Open Payments—a program created by the Affordable Care Act—aims to provide transparency in the health care industry by publishing data on payments made to physicians and teaching hospitals by drug and medical device manufacturers for things such as meals, gifts, entertainment, and research. Open Payments does not prohibit such financial relationships. But it does provide the public with the information necessary to make informed decisions about them. And it provides transparency that “discourage[s] development of inappropriate relationships” that may “influence research, education, and clinical decision-making in ways that compromise clinical integrity and patient care and may potentially lead to increased healthcare costs.”
Under current data collection requirements, manufacturer contributions to continuing education organizations for continuing medical education events are reportable if 1) the payment meets the definition of an “indirect payment” to a covered recipient and 2) the manufacturer knows or can determine the identity of the covered recipient by the end of the second quarter of the following reporting year. Payments provided to physicians for both attending and speaking at continuing medical education events must be reported if these conditions are met.
Unsurprisingly, industry participants are now throwing their support behind a Senate bill that proposes to, inter alia, exempt from the transparency reporting requirements indirect payments to physicians for speaking at certain such events and indirect payments “that serve[ ] the sole purpose of providing the covered recipient with medical education, such as by providing the covered recipient with the tuition required to attend an educational event.” These supporters claim the bill is necessary to ensure patients have access to the most up-to-date medical knowledge.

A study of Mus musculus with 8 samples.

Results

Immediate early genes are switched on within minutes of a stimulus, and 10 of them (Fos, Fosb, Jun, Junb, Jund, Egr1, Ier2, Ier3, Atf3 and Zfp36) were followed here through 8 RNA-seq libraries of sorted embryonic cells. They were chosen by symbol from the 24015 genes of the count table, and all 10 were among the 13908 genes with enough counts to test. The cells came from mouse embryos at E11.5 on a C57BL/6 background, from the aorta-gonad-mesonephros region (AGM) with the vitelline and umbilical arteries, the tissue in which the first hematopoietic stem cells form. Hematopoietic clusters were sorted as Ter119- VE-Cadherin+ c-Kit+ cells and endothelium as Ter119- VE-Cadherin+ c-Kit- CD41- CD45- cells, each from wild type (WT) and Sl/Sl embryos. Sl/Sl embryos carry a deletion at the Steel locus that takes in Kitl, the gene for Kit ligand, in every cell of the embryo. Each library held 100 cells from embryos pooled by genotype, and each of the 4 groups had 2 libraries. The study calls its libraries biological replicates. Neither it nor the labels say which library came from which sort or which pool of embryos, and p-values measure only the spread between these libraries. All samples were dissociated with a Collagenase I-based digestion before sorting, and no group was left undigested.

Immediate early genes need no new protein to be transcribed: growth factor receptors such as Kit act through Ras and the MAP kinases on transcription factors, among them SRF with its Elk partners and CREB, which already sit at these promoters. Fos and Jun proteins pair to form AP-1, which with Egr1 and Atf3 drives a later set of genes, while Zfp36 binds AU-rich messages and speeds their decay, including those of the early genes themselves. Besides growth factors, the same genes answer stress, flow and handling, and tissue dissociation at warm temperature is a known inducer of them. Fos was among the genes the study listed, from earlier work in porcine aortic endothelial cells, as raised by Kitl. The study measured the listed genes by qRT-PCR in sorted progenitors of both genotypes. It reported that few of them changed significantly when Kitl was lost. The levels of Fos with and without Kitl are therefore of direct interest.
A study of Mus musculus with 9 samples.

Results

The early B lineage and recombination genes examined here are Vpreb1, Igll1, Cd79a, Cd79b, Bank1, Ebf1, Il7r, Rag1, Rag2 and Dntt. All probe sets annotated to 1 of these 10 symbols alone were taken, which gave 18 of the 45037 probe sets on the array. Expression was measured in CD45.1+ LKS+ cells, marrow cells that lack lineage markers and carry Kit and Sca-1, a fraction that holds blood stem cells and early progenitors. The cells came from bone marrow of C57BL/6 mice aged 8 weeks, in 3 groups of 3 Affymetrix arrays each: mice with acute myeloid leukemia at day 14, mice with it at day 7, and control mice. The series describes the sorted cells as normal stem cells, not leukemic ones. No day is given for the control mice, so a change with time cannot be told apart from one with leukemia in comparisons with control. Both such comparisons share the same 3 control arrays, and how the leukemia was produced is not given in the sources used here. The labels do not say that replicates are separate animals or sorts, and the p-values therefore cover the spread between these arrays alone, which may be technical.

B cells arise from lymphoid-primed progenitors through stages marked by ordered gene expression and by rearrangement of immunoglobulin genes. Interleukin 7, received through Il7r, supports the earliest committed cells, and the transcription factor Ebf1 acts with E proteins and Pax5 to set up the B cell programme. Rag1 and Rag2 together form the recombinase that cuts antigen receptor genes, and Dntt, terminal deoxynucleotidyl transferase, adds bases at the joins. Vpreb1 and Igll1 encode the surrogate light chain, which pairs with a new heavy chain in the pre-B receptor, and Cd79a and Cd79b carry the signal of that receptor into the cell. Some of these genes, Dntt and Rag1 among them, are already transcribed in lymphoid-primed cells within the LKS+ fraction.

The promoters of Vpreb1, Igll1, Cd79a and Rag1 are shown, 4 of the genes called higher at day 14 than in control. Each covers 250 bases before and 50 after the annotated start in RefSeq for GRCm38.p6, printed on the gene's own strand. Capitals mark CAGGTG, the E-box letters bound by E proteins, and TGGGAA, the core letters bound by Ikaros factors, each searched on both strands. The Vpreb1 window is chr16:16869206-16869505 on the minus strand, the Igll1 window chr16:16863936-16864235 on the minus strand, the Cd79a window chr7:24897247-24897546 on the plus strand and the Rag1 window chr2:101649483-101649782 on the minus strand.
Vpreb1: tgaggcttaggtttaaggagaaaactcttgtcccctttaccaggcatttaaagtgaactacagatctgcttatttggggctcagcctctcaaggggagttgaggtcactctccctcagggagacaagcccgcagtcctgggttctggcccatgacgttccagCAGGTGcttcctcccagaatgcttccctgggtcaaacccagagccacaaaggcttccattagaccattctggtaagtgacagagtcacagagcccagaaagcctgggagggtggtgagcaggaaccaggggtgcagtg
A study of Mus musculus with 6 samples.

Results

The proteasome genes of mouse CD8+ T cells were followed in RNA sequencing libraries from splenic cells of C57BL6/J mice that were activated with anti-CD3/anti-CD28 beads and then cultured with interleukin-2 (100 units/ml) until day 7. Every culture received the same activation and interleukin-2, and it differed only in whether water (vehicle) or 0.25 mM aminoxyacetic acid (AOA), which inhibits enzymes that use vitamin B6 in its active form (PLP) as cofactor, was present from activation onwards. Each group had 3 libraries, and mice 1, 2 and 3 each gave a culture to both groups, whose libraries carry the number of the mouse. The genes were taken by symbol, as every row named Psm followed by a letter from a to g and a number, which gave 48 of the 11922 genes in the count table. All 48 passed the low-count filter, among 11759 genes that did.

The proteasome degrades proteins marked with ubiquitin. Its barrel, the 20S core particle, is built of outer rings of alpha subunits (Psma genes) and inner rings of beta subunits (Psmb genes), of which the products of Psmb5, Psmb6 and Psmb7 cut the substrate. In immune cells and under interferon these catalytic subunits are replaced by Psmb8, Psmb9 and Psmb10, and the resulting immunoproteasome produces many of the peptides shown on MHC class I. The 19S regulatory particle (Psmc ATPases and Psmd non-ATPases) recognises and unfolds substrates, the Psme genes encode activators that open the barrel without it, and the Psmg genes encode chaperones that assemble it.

But the Open Payments program does not prevent medical manufacturers from contributing to continuing education organizations. Nor does it prohibit physicians from attending or speaking at events put on by such organizations. Open Payments simply requires that certain qualifying continuing education-related payments be made public. In a world in which the industry’s provision of even a less-than-$20 meal has been associated with higher prescription rates for the promoted drugs, this hardly seems too much to ask.
 An “indirect payment” is defined as a “payment[ ] or other transfer[ ] of value made by an applicable manufacturer . . . to a covered recipient . . . through a third party, where the applicable manufacturer . . . requires, instructs, directs, or otherwise causes the third party to provide the payment or transfer of value, in whole or in part, to a covered recipient(s).” 42 C.F.R. § 403.902.
 Protect Continuing Physician Education and Patient Care Act, S. 2978, 114th Cong. (2016).
 Tracy Staton, Hey, doc, how about a burger with a side of branded drug scripts?, FIERCE PHARMA (June 21, 2016), http://www.fiercepharma.com/pharma/hey-doc-about-about-a-burger-a-side-branded-drug-scripts.